For many area families, springtime graduation is not the rite of passage that it once was, as almost a third of adults ages 18 to 34 still live with their parents. That proportion outstrips those living alone, with roommates, or with a significant other. At the same time, the over-65 population may increase as much as 75 percent by 2020, and if these people need financial or physical assistance, it is easy for aging Baby Boomers to feel as though they are caught in an emotional vise.

Welcome to the sandwich generation, a term that was first coined in 1981.

To cope with this situation, it’s important to have conversations about inheritance and end-of-life issues sooner as opposed to later, so everyone’s stress goes down a little and everyone is on the same page when the time comes.

 

End-of-Life Planning

Many people do not have a living will or a directive to physicians that lays out which life-support means are acceptable and which ones are not, who can make critical decisions, and so on. If you’re one of them, talk to us and we can connect you with a lawyer. In most cases, it only takes one office visit to talk over the situation, draft the documents, and execute them. You may want to consider making a general will and guardianship provisions as well.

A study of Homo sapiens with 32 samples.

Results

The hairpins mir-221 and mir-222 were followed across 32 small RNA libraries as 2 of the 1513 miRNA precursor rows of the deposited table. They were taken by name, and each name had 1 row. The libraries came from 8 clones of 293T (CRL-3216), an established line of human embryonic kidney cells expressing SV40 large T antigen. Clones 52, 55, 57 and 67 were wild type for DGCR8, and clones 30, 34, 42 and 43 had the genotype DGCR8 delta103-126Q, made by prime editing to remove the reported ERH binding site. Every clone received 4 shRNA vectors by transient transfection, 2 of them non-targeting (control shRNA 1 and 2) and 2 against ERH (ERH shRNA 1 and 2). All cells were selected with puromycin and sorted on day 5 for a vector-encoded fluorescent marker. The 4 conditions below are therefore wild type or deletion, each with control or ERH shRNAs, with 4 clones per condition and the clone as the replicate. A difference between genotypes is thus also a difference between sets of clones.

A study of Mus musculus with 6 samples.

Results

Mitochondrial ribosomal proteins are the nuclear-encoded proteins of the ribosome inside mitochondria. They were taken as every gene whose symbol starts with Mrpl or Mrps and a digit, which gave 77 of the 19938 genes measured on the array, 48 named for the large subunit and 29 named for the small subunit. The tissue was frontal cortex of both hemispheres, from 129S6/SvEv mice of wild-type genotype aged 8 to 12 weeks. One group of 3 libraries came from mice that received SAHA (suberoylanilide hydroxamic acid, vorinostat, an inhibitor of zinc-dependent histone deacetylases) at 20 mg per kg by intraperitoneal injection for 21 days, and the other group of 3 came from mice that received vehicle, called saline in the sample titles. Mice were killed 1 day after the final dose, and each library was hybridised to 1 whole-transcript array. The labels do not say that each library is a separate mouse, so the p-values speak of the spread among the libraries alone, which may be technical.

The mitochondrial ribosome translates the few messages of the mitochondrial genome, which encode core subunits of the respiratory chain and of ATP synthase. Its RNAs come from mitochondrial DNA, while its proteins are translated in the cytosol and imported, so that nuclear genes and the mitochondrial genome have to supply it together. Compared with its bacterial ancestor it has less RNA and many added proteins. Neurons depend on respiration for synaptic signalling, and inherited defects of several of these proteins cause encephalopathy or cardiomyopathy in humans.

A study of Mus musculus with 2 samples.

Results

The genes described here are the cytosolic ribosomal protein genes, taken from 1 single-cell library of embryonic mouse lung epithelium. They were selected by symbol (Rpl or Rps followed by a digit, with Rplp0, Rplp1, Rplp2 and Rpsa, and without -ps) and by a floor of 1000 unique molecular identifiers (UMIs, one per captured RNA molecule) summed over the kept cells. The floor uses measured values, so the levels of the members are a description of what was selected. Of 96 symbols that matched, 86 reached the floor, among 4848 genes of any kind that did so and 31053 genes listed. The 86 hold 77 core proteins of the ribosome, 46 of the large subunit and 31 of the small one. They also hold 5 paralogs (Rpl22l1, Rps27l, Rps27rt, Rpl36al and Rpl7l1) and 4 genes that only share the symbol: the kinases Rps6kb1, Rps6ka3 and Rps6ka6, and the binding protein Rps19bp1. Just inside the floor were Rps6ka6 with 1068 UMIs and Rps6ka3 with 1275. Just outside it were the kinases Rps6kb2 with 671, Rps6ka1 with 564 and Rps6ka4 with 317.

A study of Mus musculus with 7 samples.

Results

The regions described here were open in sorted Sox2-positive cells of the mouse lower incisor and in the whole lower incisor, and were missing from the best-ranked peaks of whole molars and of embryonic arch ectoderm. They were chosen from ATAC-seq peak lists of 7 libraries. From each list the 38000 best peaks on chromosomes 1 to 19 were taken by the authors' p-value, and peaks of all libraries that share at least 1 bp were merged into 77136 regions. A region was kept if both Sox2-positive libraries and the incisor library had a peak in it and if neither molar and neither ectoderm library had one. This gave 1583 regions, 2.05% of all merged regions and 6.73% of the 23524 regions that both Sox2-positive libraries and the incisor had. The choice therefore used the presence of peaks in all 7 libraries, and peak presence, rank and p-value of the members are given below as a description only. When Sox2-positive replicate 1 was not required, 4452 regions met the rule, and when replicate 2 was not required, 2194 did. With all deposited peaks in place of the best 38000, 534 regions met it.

Moreover, make sure the living will is in an accessible location. Many doctors administer drugs and other life-prolonging therapies without asking questions, so if you want something different from a final hospital stay, be sure that someone speaks up for you very quickly.

 

Estate Planning

Similarly, making decisions about property now can help avoid an expensive and time-consuming probate court battle later. New Hampshire law has several different real estate trust vehicles which, in many cases, can expedite the inherited property conundrum, whether that means a family member continues to live in the property, the family retains ownership but rents it to a third party, or the house is sold outright.

The trust should also deal with this emotional component of inherited real estate, because many times, multiple surviving children often have multiple plans as to how to handle the real estate.

Contact us today to learn more about trust and real estate options.